This past year being the 100th anniversary of the founding of The Christian Science Monitor, I've been thinking of the many ways the Monitor has blessed my whole family. Lately, my thoughts have been lingering on ... chocolate cake.
Sometime in the 1940s or 1950s, my grandmother cut a recipe for "Mrs. Orr's Chocolate Cake" from the Monitor. When my dad tasted this cake, he was so smitten with it that he requested this cake every year, both for Father's Day and for his birthday in September.
Dad was a creature of habit. He didn't always greet new experiments in cooking with glee. When I graduated from college and got my first apartment, I began to learn to cook, with guidance and suggestions from my mom and the help of a few good cookbooks. I also began to experiment. Often when I invited Mom and Dad over for dinner, I tried a new recipe. Dad would look at his plate suspiciously and ask, "Am I the 'guinea pig' for this meal?"
Dad especially didn't encourage experimentation where his birthday cake was concerned. It had to be Mrs. Orr's cake, made in a metal 9-by-13-inch pan, rather than in layers, and it had to have white butter cream icing, not the traditional chocolate icing that many people enjoy on chocolate cake. Once we asked if he would like chocolate icing for a change. Silly question.
So we enjoyed Mrs. Orr's cake with white icing twice a year. Nothing fancy, nothing pretentious – just like Dad. No nuts, coconut, sprinkles, or other decorations. No pretty cake plate or beautiful presentation. Just plain cake with icing in a plain metal pan. Somehow, it seemed to fit Dad, a plain, no-nonsense kind of man with Midwestern down-home friendliness.
Dad was very generous in sharing his special cake with family and friends. When my sister and I were no longer living at home, we'd still get together for Father's Day and Dad's birthday. He always cut generous pieces for us to take home. When a neighbor came over for morning coffee, Dad always offered him a piece of cake, commenting with awe that either his wife or daughters had made him this cake, and how much they must love him for going to "all that work" – a comment not so meaningful as it would have been if we'd made him a layer cake and decorated it. Of course, we asked repeatedly if he'd rather have a different cake, maybe decorated. Again, silly question.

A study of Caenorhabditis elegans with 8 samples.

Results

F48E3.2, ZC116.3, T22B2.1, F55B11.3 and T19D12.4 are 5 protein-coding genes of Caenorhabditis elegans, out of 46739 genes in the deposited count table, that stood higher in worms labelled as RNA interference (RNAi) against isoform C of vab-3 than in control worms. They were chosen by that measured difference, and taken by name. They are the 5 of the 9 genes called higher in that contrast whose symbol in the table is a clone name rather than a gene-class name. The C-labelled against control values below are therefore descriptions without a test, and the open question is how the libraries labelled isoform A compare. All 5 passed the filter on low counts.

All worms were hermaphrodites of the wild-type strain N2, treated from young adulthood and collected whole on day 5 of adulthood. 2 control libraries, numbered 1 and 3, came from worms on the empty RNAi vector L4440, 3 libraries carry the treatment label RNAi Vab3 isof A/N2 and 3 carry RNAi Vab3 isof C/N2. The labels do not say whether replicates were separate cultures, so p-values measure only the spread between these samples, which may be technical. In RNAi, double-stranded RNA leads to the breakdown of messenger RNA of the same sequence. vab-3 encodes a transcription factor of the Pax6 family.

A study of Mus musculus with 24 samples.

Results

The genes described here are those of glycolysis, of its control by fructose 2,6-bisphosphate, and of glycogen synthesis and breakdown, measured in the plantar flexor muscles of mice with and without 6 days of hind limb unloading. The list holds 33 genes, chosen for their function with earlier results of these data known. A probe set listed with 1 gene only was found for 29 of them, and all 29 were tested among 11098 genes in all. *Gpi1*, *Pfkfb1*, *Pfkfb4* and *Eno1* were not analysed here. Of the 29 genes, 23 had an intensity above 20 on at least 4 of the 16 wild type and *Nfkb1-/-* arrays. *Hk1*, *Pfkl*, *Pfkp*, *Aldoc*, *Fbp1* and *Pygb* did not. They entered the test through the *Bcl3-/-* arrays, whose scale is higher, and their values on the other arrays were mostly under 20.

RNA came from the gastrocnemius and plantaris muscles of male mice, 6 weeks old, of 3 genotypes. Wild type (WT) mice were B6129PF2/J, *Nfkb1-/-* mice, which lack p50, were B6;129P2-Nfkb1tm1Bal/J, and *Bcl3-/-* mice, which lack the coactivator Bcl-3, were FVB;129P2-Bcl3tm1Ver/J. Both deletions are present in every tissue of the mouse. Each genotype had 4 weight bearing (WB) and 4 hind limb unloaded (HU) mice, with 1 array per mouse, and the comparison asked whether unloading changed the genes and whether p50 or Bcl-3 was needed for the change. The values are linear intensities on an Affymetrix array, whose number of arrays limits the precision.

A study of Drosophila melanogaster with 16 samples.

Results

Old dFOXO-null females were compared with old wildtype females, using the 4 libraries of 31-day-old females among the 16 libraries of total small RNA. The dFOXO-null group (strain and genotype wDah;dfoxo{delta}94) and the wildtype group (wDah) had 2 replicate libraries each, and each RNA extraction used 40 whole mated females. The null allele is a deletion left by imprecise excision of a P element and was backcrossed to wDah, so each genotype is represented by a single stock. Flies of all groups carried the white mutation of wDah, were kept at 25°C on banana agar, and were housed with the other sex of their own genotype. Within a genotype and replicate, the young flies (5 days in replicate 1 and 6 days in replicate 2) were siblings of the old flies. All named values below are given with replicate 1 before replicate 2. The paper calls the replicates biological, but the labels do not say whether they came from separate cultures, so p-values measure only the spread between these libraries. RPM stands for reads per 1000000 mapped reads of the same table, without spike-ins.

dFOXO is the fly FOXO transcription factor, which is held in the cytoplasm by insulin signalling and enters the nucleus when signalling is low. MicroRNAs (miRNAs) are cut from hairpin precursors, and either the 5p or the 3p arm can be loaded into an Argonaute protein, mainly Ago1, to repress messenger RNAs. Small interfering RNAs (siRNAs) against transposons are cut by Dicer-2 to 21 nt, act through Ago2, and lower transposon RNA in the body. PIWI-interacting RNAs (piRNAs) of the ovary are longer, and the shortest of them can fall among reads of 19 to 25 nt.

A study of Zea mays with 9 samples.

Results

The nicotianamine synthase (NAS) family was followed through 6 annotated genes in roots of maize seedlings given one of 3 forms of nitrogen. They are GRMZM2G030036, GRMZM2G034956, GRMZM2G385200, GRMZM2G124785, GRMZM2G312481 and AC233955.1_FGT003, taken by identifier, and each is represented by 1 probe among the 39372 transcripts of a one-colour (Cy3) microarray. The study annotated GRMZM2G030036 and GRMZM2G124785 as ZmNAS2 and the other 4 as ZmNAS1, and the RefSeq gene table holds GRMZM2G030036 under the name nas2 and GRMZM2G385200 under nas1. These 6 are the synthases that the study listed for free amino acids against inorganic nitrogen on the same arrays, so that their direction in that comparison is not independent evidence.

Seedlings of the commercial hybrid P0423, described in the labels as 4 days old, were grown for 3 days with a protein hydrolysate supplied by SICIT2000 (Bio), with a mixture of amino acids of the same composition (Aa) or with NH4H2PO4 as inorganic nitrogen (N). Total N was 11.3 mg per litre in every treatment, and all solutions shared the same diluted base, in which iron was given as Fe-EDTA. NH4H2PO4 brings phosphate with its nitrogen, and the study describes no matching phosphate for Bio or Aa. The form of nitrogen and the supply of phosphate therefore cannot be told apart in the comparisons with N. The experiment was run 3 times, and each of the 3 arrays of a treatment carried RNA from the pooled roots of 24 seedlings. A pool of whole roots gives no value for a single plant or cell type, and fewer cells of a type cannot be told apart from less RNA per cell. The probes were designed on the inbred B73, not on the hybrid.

For some reason that no one understands, this cake always rises higher in the middle than a normal cake, sometimes looking rather lopsided. It doesn't seem to matter which kind of pan we use, or which type of chocolate. That means the corners and sides of the cake get more icing than the center.
Personally, I always like a corner piece. So did Dad.
In my opinion, the secret to the taste of the cake is in the cocoa.
Our family has always used Droste Dutch cocoa powder. Years ago, this was more expensive than the regular cocoa Mom used in other recipes, so we had a box of Droste that was reserved just for this cake recipe.
The cake is moist and dense, but not too sweet. That's the icing's job! Fair warning about the butter cream frosting: It's really rich. While that's just the way we like it, you could cut back on the butter if it's too rich for your taste. And it's easy to add more confectioners' sugar to thicken it up or more milk to thin it.
Years ago, my cousin told me she makes Mrs. Orr's cake as a layer cake and uses chocolate icing. I tried it when I was having company (not Dad), using raspberry jam between two layers and a chocolate butter cream icing on the top and sides. The sides looked too messy for company, so I pressed chopped nuts into them, piped the chocolate icing around the bottom and top, and everyone thought I bought it at a bakery. It was amazingly rich and wonderful, hence the name I gave it, Majestic Chocolate Cake. The funny thing, though, is that I missed the white icing!
Dad isn't with us anymore, but whenever I see this recipe in my file, I'm filled with sweet memories of the man who loved his special cake, appreciated those who'd baked it, and shared it so freely.
Mrs. Orr, I never knew who you were, but on behalf of our whole family, I thank you.